Yes, I’ll admit it: it’s a trick, of course. But it’s a useful trick – especially for those of us who need to collect stories for organisations, communities, and even for family-history.
The place is important here: it needs to be the right kind of place, the right atmosphere – the kind of ‘story-place’ where stories all but insist on telling themselves, whether we want to or not.
If it’s for family-history, I’d set up in a side-area of some family gathering: a quiet corner of the kitchen, perhaps. If I’m working for an organisation, probably the best place would be somewhere in the canteen or foyer café. For a community project, it be might be a street café, or bar, or community-centre, or anywhere else where there’s a good flow of likely candidates for storytelling.
Once I’ve found the right place, and got myself ready for story-capture, the next part is the props, casually laid out across the table. Again, these vary somewhat according to where I’m working and what kind of stories I’m aiming to capture, but the key point is that it needs to look casual, yet always inviting.
For family, I’ll have an old photo-album open at some suitable point; perhaps a drawing or two; a few photocopies of someone’s handwritten diary. For a company, it might be some large diagrams spilling across the surface, perhaps with sticky-note tags suitably attached as annotations. For community, I’d use a mix somewhere between family and organisation, much as you’d probably expect, though old photographs often work best for this. I need to be seen as working, yet also easily interruptible: always ready for another story.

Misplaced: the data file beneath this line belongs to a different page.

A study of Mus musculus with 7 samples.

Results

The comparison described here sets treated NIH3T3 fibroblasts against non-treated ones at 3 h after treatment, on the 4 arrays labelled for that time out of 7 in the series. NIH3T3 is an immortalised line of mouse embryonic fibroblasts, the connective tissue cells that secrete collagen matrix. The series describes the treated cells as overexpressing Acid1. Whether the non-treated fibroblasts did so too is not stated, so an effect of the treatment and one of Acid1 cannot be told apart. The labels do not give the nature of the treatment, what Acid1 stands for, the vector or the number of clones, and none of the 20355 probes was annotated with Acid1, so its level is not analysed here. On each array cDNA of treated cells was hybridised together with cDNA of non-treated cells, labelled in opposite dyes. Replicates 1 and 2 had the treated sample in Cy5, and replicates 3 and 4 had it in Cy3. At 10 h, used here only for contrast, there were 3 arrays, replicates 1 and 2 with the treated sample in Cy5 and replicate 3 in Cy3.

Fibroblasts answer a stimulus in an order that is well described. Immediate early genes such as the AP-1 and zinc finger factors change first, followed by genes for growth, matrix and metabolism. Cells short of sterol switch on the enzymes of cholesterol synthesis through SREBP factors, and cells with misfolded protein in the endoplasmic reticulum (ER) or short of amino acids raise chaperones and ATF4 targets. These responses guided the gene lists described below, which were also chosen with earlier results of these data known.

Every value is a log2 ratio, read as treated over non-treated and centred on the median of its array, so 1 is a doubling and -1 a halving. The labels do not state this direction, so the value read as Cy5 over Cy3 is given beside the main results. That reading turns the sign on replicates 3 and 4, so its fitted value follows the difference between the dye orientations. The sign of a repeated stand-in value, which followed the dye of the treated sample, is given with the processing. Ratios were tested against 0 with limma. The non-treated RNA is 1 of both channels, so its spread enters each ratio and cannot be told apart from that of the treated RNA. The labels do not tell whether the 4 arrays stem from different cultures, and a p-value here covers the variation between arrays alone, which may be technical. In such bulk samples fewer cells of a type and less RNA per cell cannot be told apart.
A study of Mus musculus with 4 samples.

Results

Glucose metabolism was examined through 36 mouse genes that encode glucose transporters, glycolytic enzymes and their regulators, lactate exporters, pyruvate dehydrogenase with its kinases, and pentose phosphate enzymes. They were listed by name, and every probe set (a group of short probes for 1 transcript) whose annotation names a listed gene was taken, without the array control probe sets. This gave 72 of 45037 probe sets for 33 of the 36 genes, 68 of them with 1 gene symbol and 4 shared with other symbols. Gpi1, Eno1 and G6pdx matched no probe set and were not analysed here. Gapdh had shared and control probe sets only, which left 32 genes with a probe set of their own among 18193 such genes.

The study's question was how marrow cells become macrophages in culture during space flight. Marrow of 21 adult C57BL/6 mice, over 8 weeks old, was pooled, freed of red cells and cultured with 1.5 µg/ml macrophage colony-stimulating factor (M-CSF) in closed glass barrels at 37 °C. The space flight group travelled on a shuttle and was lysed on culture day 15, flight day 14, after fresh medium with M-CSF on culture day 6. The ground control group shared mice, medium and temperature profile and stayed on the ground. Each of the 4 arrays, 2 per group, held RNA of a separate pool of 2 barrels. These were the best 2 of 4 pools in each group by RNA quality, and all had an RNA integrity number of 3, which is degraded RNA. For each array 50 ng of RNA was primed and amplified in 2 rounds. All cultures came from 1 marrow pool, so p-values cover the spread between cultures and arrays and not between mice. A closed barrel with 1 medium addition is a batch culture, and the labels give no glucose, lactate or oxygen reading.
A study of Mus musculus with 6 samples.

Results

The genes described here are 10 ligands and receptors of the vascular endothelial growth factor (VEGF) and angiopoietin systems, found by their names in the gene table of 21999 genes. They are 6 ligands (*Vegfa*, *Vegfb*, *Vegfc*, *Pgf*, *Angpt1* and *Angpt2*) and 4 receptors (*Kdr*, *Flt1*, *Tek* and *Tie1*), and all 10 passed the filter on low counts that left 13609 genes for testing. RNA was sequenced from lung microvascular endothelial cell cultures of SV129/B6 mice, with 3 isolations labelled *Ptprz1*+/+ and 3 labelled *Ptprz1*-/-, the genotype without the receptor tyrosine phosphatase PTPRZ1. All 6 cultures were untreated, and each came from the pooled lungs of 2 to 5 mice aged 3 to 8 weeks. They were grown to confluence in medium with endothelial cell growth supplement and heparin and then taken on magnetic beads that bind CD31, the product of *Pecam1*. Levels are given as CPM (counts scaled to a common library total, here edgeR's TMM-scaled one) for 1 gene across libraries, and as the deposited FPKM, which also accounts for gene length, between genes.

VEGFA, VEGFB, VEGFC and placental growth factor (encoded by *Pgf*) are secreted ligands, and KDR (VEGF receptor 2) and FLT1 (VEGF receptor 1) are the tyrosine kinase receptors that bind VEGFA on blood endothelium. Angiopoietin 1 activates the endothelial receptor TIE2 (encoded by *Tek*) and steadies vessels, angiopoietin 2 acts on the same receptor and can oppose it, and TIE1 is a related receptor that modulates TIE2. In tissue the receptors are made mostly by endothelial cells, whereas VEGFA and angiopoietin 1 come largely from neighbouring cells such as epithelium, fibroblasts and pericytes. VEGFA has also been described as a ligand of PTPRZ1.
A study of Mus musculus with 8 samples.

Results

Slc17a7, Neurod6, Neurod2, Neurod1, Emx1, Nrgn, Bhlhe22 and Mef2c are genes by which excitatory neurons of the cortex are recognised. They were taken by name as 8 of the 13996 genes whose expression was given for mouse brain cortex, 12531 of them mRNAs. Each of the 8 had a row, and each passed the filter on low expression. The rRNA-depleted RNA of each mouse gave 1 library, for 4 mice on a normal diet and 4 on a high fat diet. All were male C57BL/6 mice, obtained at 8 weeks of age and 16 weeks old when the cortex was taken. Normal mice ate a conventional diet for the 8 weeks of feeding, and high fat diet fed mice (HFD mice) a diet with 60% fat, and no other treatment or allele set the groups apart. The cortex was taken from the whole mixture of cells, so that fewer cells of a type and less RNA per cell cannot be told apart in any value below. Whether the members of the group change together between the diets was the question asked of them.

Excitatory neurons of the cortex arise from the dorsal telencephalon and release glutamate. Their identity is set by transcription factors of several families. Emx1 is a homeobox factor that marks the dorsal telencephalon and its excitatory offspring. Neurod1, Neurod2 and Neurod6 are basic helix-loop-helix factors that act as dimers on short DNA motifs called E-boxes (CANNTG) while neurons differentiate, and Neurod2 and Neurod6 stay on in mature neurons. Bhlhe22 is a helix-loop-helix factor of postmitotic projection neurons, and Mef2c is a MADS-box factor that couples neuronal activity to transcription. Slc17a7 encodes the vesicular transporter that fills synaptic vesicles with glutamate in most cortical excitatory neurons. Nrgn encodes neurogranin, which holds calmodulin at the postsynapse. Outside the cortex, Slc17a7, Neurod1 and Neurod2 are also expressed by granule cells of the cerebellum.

Capturing stories is just like fishing
In essence, what I’m doing is fishing for stories. The props are like the fisherman’s ground-bait: they’re the story-triggers, they tell stories in order to capture stories. The tools – my notebook, my audio-recorder, my camera, perhaps a small sketchpad too – are my fishing-net: they’re the means by which I’ll capture the stories as they come into this space, eager to show and share themselves with the stories already there on the table.
Yet perhaps, like any other form of fishing, the real key to this kind of story-capture is to find the right story-place: a place where stories naturally tend to gather, and where – given a small amount of encouragement – they all but jump out of the metaphoric water at us, in their urgent need to tell themselves. That’s where the right kind of café comes into this story, or that quiet corner of the kitchen…
So where are some of your story-places – the places where stories gather to tell themselves? What props do you use to capture stories? Let us know, perhaps, so that we can share those tips and tricks with others?
About Tom Graves
Principal Consultant at Tetradian Consulting, Tom's main professional interest is in whole-of-organisation integration, and tools and techniques to improve the same. His main personal interest is in writing on skills-development and other such oddities of human existence.